Saudi man gets 120 lashes
for having six wives,
two over the legal limit.
Come Back to the Tour Ag’in, Tiger Money (abject apologies to Leslie Fiedler). Tiger Woods finally spoke publicly about his transgressions. He admitted to being treated for “sex addiction,” said he was entirely to blame, apologized profusely to all concerned, and like a dutiful husband, praised his wife for her courage and bravery in the face of their difficulties and the paparazzi. He spoke for quite a long time and seemed to be sincere. What is one to make of this?
I certainly don’t go along with the sex addiction claim. Since when is a young, nice-looking, virile young man with a huge fortune and international celebrity status a “sex addict” for having had sex out of marriage with several young women? The cynic in me says this is bull pucky in the first degree. Having been caught, it was necessary for Tiger to perform some act of atonement. As he apparently doesn’t drink to excess or take dope to blame it on what is more appropriate than a sex addiction clinic. I wouldn’t be too surprised to learn if the clinic didn’t pay him for the publicity it will receive. And I strongly suspect the “therapy” consists of hitting practice balls and playing golf most of every day. Given Tiger’s status, probably most of the young women he comes in contact with are eager to jump in bed with him. And they can’t all have been bona fide “mistresses,” rather than one or two-nighters. I also suspect that many of his fellow professionals have had similar experiences, perhaps not as numerous or successful. To be as cynical as possible, I think Tiger may have wanted to say he enjoyed every minute of it and is sorry he got caught. But business is business and Tiger clearly knows how to make a buck.
It is said that Tiger’s apology even affected the stock market (probably the smart money rushing in to buy golf stocks). While Tiger’s endorsements may be curtailed (he still has some worth a lot of money, like Nike, for example), the PGA tour itself will no doubt benefit immensely when Tiger returns. And with his apology the stage is now set for his dramatic comeback. And unlike Mike Tyson and others who had to make themselves into villains to draw a crowd, Tiger is going to get the benefit of both those who want him to fail and those who want him to keep on winning, doubling the size of his audience and no doubt his paychecks as well. As far as the claim goes that he doesn’t fraternize with the others on the tour, that probably goes with being the best in the world. You don’t want to be too friendly to your rivals and lose any edge of intimidation or whatever. I haven’t seen any indication that Tiger is inherently anti-social, I think he just knows his business, and his business is winning golf tournaments. Perhaps he’s a bit arrogant, but that, too, probably comes with the turf. After all, if you’re the best golfer in the world (and quite likely the best ever), you are probably entitled to a bit of arrogance. It’s only when you fail to perform that you become humble. And coming from one who once threw his driver so far into a corn field he never found it, I forgive him for his moments of frustration and anger. Besides, he is hardly the only Pro golfer to have such moments (remember Terrible Tommy Bolt). And being perhaps the best known celebrity in the world, of course he wants and needs privacy.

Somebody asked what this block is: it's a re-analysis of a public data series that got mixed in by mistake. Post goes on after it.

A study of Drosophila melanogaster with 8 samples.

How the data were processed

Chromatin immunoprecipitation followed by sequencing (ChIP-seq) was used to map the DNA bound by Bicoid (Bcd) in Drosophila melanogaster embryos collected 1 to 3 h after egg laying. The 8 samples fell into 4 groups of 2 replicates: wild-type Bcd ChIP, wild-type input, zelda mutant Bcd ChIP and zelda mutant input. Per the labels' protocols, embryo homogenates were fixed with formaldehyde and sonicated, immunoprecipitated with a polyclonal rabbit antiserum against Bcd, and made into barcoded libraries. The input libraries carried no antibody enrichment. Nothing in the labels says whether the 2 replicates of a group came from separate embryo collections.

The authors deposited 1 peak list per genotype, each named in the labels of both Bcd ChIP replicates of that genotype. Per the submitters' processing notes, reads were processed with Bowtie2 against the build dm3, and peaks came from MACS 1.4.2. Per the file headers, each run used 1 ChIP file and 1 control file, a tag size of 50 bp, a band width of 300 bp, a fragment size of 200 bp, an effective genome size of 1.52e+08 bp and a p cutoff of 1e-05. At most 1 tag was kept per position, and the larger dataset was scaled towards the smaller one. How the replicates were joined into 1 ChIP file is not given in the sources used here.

Actually, I prefer to put my cynicism aside, and believe Tiger is entirely sincere in his apology and truly regrets his gross misbehavior. He’s a smart guy, and I believe probably basically a nice guy, I think he may well have been shocked by his discovery that he’s been acting like such a schmuck and wants to change and make amends. I’m sure he genuinely loves his wife and children. What saddens me is that this may well affect his career. His personal behavior seems not to have importantly affected his career up until now, but now he will no doubt be a greater target than before for every cheap shot and unanswered question that can only distract and potentially affect his performance. Our ridiculous infotainment industry, insatiable when it comes to scandal, may consume him. Another career ruined by a man who can’t keep his pants on and women who can’t keep their legs crossed? Or ruined by scandal mongering tabloids that can’t keep their noses out of private lives, perhaps both? How sad. By the way, did you know your nation is teetering on the brink of disaster?
It is impossible to imagine Goethe or Beethoven being good at billiards or golf.
H. L. Mencken
Curling is not a sport that commands my attention.